Help! I Think I Have a Toenail Fungus Infection!

Greenish, yellow, brown or otherwise discolored toenail? Check. Dry, brittle, thick toenail? Check. Embarrassed at the thought of going out in public without shoes covering toenail? Check. Yep. Sounds like you just might have a toenail fungus infection, along with my sympathy. As much as you appreciate my sympathy, I'm sure you'd rather have some answers about what you can do to treat and prevent a toenail infection so let's not waste much time.

One quick note, I've been hubbing, blogging and working like crazy all through the weekend so I'm a bit spent. I'll try to keep this short and to the point.

The shoes did it! Bad shoe! No cookie!
The shoes did it! Bad shoe! No cookie!

How Did I Get a Toenail Fungus Infection?

First, what is a toenail fungus infection? Well, it's what the name implies but, rather than a fungal infection of the actual nail, it' is an infection of the nail bed under the nail. And that one fact is what makes it so hard to treat because it can be difficult for topical solutions to penetrate down to where the infection lives.

So how did you get your toenail fungus? Any number of ways and that's what we'll focus on in this hub. Like I said, I'm a bit hubbed out, but let's get the basics down and I promise I'll write more later and link to it. So let's use my own toenail fungus infection as an example. I got mine from rock climbing.

Ok, that's a bit vague so let me elaborate. Toenail fungus takes best when it can exploit a chink in your body's natural armor. That weakness can be physical or immune. In my case, I was climbing with my friends one sunny weekend. As it was my partner's turn to climb and my turn to belay, I took off my shoes (which are painfully tight for some really tough routes) and settled in to belay. At one point, I shifted position and ended up smashing my toe into a rock sticking up from the ground. As the day wore on, I tried climbing again but the pain in the toe was excruciating. I even tried my friend's shoes which were less "extreme" in design and therefore less demanding on my feet, but eventually had to give up due to the pain. By the end of the day, my toe and a good portion of my foot near the toe were black and blue and I could barely walk. I'd broken the darned thing.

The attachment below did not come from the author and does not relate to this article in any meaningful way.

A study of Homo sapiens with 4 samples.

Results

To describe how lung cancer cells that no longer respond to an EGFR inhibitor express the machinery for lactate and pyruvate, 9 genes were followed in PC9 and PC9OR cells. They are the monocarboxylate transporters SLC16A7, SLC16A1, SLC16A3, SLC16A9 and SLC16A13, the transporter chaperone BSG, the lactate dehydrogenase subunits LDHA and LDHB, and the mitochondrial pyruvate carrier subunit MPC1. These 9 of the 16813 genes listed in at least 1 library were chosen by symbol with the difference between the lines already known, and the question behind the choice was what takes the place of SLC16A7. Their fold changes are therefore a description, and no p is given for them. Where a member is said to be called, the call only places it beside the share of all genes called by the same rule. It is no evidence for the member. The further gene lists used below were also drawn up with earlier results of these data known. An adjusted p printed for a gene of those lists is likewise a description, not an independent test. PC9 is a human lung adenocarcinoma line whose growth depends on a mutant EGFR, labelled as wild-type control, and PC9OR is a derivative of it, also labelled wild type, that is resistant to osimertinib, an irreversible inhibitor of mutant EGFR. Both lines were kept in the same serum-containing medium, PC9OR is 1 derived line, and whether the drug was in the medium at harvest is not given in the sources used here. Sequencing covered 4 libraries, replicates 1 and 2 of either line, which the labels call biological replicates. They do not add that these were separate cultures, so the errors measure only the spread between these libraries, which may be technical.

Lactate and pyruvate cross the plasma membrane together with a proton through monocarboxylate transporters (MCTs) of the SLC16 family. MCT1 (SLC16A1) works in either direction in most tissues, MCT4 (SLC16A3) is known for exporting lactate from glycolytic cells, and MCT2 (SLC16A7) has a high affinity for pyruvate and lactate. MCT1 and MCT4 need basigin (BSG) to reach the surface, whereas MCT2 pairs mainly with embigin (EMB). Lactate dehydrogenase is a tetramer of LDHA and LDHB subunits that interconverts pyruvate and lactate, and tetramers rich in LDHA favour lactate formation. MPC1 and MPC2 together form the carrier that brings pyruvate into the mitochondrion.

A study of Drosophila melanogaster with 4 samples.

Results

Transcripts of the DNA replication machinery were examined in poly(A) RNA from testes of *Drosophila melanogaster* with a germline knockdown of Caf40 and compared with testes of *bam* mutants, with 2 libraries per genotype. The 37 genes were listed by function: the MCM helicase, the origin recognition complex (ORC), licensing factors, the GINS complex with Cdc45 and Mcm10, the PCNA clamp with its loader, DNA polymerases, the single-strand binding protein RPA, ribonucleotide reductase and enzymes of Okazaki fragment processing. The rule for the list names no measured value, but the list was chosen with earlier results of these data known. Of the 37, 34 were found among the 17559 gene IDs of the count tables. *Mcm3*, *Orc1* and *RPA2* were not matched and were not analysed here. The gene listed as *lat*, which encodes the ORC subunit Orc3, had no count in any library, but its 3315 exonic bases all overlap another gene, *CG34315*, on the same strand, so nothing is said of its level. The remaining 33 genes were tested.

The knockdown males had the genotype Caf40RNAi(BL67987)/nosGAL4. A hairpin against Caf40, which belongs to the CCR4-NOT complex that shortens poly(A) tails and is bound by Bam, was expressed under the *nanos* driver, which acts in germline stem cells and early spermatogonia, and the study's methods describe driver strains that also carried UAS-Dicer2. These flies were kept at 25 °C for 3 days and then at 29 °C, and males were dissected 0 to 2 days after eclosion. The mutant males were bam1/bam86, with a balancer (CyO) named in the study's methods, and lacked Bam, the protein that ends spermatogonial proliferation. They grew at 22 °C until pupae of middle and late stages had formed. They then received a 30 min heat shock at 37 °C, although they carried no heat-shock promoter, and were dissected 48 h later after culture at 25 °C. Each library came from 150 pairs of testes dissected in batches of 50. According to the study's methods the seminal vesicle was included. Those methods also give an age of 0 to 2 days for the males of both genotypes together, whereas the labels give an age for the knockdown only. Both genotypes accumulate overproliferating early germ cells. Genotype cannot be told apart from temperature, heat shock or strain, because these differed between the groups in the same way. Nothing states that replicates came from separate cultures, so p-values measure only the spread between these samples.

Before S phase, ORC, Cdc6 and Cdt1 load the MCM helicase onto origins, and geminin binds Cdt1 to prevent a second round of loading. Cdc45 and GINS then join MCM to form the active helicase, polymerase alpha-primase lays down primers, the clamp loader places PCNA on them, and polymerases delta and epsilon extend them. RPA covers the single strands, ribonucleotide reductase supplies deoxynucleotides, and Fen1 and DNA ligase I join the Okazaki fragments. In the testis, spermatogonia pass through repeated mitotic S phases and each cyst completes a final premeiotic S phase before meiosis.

Now the broken toe wasn't so much the culprit here as the damaged toenail (well and truly split) coupled with swapping shoes, coupled with the fact that most climbers (me included) don't wear socks as it interferes with the feel of the rock through the shoe. Unbeknownst to either of us, my climbing partner was in the very early stages of his own toenail fungus infection. So, in a perfect collision of events (and toes with rocks), I managed to do everything right if I wanted a toenail fungus infection (even though I didn't want one).

So the lesson here is that the fungal infection that has infested your toe could very well have been transferred to it by somebody else. And you don't have to smash your foot into a rock to get it, either. Sharing shoes, going barefoot in a public shower, sharing socks and, if you're particularly vulnerable, even sharing a towel with an infected spouse could result in transfer.

Now I'm going to see what the world outside my computer monitors looks like for a little while, but when I come back I'll move on to another toe fungus infection hub to dispel some oft-repeated myths and hopefully shine a ray of hope your way.